Nations Restaurant

The Gary Housing Authority failed to follow statutory requirements when it acquired through condemnation a since-demolished restaurant building at 624 Broadway, according to a recent ruling by the Indiana Court of Appeals. Content Exchange

GARY — The Gary Housing Authority failed to follow statutory requirements when it acquired through condemnation a since-demolished restaurant building at 624 Broadway, according to a recent ruling by the Indiana Court of Appeals.

In a 3-0 decision, the appeals court said the housing authority was required by Indiana law to mail notice of the proposed acquisition to the property owner, and twice publish notice in a local newspaper, at least 30 days prior to the public meeting where the authority intended to take the property.

The appeals court said the housing authority also was obligated to follow the same procedure and 30-day notice period ahead of a second meeting where it decided the price to be paid for the condemned property.

In both instances, the Gary Housing Authority failed to mail notices to John Allen, the registered agent for 624 Broadway LLC, and did not wait 30 days after newspaper publication before it acted on its eminent domain claim, the appeals court said.


In this case, the appeals court said it cannot say with confidence the Gary Housing Authority only would have paid $75,000 for the restaurant had the proper procedure been followed, since Allen did not have an opportunity to present an appraiser's valuation of $325,000 for the property.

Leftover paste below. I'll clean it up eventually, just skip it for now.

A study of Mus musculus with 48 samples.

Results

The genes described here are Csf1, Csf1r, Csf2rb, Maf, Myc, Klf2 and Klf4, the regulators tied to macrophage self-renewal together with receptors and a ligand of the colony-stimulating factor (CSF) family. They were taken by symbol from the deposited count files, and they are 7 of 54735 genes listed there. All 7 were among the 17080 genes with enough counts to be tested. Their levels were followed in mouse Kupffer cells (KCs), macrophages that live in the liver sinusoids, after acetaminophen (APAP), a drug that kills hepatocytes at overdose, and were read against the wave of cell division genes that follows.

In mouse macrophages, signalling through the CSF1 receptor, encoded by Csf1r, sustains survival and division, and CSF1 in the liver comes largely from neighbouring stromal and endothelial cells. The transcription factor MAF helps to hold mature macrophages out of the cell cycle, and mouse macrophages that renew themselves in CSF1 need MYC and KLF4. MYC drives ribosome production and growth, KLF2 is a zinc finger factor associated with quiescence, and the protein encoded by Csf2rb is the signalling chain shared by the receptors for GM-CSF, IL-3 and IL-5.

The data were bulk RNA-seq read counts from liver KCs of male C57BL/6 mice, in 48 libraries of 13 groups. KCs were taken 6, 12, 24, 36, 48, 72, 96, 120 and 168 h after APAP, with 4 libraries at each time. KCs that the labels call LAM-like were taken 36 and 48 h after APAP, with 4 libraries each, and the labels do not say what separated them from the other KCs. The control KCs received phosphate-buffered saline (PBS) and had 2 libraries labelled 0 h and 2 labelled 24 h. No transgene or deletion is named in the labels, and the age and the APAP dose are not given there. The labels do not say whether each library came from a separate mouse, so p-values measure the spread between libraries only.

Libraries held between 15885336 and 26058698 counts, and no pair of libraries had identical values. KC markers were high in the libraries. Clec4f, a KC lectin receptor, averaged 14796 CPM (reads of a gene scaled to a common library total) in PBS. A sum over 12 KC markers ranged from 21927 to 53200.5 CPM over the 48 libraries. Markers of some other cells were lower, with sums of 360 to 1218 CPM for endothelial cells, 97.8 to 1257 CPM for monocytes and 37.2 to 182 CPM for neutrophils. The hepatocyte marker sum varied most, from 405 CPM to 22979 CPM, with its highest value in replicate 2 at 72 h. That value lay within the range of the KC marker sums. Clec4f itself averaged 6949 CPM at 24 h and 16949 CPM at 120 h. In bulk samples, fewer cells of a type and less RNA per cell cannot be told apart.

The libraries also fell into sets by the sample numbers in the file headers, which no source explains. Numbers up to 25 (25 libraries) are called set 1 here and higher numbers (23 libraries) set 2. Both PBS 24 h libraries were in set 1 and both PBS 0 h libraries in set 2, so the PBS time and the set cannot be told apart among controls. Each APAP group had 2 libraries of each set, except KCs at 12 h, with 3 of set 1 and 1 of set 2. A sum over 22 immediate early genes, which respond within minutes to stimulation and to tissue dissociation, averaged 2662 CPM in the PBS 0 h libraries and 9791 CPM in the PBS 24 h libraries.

As a result, the appeals court said it was vacating the Gary Housing Authority's administrative taking of the property because it violated 624 Broadway's procedural rights, and it ordered the Lake Superior Court to conduct further proceedings consistent with the ruling.

However, that decision is likely to be appealed to the Indiana Supreme Court, or set for rehearing by the Indiana Court of Appeals, because it appears the appellate judges relied on an inapplicable law when it concluded there was a procedural violation.

Specifically, the appeals court seems to have applied the 2021 version of the eminent domain statute instead of the statute in effect when the case commenced in 2019, which does not mandate mailed notices to the property owner and requires only 10 days between newspaper publication and public hearings.

Tramel Raggs, attorney for the Gary Housing Authority, declined to comment on what steps the housing authority may take next.

By rule, it has until late December to ask the Indiana Supreme Court to intervene in the case, which would set aside the Court of Appeals ruling. Or, it can seek rehearing by filing a petition at the appellate court by mid-December.


Robert Welsh and Connor Nolan, attorneys for 624 Broadway, did not respond to a request for comment on the appeals court ruling or possible remedies they might seek.

Records show Allen was in the midst of renovating the building into the Nations Restaurant and Bar when the property was acquired by the Gary Housing Authority.

The housing authority last year tore down the building, as well as the other structures in the 600 block of Broadway, as a prelude to constructing a new, mixed-use housing development on the block.